Group OKs U human studies

The institution is one of nine worldwide to be accredited for research on people.

by Geoffrey Ziezulewicz

Whether conducting psychological evaluations or testing new drugs, the University protects its human research subjects.

That was the finding behind Tuesday’s announcement that The Association for the Accreditation of Human Research Protection Programs has accredited the University.

The association is a nonprofit organization that evaluates institutions that conduct research using human subjects.

Since its inception in 2001, nine institutions worldwide have received accreditation.

The University is the second school to receive the accreditation, said Todd Bentsen, the association’s assistant director of marketing and communication.

To receive the designation, the association reviewed all aspects of University research that involves humans, Bentsen said.

“We examined the sum total of what the University does to make sure participants are adequately protected,” he said.

The University first submitted a self-assessment application, he said. Then officials from the association visited and completed their own evaluations.

Accreditation means institutions such as the University are in full compliance with guidelines issued by the U.S. Food and Drug Administration and the U.S. Department of Health and Human Services, the two main governmental bodies the University deals with regarding research.

Bentsen said hospitals, schools and other organizations benefit by tightening up their human subject policies, even if they have done nothing wrong.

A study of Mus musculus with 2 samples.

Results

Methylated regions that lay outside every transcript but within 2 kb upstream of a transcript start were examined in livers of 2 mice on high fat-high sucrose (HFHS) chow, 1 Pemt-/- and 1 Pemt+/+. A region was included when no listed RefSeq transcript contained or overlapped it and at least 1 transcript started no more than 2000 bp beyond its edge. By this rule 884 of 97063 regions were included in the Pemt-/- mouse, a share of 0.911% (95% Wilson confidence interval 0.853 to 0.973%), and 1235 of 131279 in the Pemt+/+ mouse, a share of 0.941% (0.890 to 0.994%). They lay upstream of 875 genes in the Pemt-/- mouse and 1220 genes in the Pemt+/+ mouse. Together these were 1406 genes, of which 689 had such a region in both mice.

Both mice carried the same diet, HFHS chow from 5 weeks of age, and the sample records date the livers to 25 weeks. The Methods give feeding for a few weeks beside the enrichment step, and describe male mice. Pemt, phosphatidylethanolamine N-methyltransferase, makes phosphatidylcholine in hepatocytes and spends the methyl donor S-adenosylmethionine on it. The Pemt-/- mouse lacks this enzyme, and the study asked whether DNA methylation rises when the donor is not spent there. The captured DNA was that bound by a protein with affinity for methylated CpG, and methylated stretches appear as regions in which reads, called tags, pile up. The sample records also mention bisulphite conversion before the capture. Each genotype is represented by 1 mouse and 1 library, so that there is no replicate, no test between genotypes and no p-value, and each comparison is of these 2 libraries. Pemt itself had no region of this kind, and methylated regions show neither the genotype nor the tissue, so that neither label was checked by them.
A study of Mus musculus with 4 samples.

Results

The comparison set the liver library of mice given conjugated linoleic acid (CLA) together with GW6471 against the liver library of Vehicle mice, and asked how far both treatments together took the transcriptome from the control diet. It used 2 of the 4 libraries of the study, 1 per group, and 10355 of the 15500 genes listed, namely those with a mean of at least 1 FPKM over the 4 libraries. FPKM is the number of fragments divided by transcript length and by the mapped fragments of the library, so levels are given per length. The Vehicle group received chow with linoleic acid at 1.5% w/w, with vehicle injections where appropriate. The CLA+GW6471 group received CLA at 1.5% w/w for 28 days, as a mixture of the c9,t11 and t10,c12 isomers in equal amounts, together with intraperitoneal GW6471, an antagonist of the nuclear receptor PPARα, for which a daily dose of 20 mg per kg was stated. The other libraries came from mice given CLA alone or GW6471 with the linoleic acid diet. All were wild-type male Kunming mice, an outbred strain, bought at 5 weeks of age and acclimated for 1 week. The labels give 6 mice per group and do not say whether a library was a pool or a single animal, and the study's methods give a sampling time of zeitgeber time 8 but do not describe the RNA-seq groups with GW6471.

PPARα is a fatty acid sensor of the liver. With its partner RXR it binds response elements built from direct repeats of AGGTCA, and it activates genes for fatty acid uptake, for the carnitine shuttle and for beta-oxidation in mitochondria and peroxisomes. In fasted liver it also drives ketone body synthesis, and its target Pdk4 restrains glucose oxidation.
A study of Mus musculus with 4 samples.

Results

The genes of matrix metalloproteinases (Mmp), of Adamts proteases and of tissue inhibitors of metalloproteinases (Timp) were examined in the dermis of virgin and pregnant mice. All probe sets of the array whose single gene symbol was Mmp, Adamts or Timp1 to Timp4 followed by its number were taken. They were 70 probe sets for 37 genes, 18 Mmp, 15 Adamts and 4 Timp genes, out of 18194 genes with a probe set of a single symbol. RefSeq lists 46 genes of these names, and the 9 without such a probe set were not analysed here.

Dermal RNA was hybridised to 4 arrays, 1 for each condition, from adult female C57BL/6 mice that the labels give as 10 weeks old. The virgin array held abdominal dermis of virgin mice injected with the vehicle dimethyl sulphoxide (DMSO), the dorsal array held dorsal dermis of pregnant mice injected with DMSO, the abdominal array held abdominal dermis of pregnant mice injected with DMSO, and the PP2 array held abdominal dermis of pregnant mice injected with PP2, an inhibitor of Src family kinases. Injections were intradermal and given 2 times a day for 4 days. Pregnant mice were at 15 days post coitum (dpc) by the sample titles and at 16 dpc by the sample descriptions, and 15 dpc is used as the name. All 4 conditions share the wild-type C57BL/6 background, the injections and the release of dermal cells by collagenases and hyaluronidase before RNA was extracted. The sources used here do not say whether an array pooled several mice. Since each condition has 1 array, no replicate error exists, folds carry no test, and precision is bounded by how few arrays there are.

“It is not that they are doing the wrong thing, but they need a clear way to demonstrate that,” he said. “It may sound a little administrative, but it is extremely important.”

Moira Keane, director of the University’s Research Subjects’ Protection Programs, said the University was already part of some of the founding organizations in the association, such as the Association of American Medical Colleges.

Ensuring human subjects are treated properly is important to the University, she said.

Regulatory bodies such as the University’s Institutional Review Board have been in place since the 1960s.

But problems arose at the University and other schools in the 1990s regarding the treatment of human subjects, Keane and Bentsen said.

This accreditation has helped show that the University takes human subject concerns seriously and protects its subjects, Keane said.

“It is a challenge for the University to demonstrate to the University, its sponsors and the public that we appreciate the need for a strong integrated program, and that at every step we are protecting people in our research projects,” she said.